When my boys aren't making me mad about something, they crack me up with their ideas of teenage romance.
This morning I was greeted with rain and 43 degrees. I decided to forego a cold, wet run. Instead, I took Spencer's car to put some gas in it. He told me that he had scraped together $2 in nickels and quarters the night before to put gas in the car. We give him $20 a week for gas so he can drive to school and to basketball practice with occasional forays over to Ohio State or to The Men's Wearhouse to order his tux.
That seemed like plenty of money for gas until prices shot up to $4.19 per gallon.
As I stopped at a stop sign, I heard things clinking. I thought maybe empty bottles were under the car seat. Another stop and another clink made me open the console betweeen the seats.
There, I found an aluminum bottle of Old Spice body spray -- a necessity for teenage boys.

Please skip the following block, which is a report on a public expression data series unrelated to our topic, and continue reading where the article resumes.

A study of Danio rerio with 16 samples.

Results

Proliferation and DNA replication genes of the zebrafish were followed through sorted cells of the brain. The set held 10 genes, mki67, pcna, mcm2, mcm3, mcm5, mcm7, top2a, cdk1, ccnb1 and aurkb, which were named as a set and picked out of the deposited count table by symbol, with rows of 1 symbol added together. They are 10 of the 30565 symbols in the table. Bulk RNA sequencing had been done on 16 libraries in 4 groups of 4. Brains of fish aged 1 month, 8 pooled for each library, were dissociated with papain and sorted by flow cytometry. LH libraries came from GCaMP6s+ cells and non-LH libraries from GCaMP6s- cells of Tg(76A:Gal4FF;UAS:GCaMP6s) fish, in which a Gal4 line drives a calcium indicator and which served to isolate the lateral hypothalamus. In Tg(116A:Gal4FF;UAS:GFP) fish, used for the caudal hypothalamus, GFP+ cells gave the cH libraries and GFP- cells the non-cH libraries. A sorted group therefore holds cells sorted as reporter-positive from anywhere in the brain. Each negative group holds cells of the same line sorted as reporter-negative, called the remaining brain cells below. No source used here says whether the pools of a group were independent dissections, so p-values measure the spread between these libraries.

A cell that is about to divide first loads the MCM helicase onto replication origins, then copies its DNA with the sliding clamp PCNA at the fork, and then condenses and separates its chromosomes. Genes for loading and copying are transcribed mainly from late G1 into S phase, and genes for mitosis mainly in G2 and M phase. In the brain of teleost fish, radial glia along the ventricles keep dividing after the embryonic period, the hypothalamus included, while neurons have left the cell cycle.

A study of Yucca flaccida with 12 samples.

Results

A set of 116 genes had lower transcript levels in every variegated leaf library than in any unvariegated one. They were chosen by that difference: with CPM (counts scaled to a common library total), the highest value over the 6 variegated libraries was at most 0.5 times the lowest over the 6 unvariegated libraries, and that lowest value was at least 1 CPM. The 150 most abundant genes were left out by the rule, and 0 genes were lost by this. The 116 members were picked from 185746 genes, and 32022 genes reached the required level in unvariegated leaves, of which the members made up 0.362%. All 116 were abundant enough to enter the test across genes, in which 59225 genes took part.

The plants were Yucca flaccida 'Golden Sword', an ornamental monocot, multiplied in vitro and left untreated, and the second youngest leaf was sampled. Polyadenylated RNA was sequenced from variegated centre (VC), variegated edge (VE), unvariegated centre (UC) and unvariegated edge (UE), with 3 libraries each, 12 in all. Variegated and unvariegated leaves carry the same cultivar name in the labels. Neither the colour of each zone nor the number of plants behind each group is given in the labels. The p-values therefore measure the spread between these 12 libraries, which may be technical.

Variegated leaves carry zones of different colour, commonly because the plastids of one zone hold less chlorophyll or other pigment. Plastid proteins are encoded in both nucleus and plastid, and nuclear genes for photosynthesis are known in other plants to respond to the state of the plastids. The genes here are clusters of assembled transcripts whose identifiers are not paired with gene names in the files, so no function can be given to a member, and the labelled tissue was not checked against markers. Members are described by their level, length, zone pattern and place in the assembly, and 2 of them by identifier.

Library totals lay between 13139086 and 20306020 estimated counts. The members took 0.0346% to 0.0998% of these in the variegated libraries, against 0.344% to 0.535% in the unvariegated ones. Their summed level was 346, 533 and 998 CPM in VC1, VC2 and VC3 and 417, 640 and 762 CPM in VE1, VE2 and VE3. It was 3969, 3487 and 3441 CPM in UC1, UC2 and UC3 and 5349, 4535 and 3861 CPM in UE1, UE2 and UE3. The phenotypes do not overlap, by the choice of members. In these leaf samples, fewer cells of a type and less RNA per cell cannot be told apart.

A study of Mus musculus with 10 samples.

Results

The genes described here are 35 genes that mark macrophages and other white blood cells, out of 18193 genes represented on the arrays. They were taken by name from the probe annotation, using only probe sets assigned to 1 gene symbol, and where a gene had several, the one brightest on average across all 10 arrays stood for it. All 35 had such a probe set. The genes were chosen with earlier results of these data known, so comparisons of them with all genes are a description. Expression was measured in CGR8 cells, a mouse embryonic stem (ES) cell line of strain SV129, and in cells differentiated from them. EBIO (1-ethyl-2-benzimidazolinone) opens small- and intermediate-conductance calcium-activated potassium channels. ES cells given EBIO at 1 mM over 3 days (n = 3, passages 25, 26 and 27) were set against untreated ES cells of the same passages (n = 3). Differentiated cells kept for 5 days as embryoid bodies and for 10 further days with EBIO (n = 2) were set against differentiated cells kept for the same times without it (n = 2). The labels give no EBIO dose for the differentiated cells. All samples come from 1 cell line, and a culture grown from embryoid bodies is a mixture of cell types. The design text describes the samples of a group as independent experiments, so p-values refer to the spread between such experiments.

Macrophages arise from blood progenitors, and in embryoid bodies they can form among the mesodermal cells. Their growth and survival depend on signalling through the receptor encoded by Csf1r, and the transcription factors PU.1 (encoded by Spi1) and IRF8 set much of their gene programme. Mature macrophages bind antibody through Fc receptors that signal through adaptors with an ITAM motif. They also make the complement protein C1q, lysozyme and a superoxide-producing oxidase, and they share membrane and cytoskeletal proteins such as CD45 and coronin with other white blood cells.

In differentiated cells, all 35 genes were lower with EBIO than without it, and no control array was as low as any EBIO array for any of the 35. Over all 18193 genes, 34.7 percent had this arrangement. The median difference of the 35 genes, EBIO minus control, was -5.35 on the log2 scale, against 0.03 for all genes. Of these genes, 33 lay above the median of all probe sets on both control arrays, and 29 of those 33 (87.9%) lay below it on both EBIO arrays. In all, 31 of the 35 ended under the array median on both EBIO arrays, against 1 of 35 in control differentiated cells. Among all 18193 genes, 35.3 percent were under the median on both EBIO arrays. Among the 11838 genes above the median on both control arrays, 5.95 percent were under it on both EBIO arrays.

The next item puzzled me. Two votive candles in glass candleholders.
When I got home, as the boys were scrambling to get out the door on time, I asked Spencer why the candles.
"I set them down in the sunken area and light them," he said. "Adds a little ambiance."
"While you're driving?" I ask.
"No, when I'm parked at the turf or the school lot."
I know that the high schoolers hang around their cars on weekend nights and I tried to picture Spencer with his flickering candlelight.
I told him he was definitely in competition with his father who had sculpted shag in his van as a teenager.
Then I suggested that candles and cars don't really mix that well since cars are highly flammable.
"Yeah, I gotta get rid of those," he agreed.
There goes the romantic candlelight when sitting in the middle of the school parking lot surrounded by other teenagers. I guess they'll have to fallback on Plan B -- a portable strobe light that they ordered from Best Buy.
"Are you sure we can't use it while we drive around?" he asked.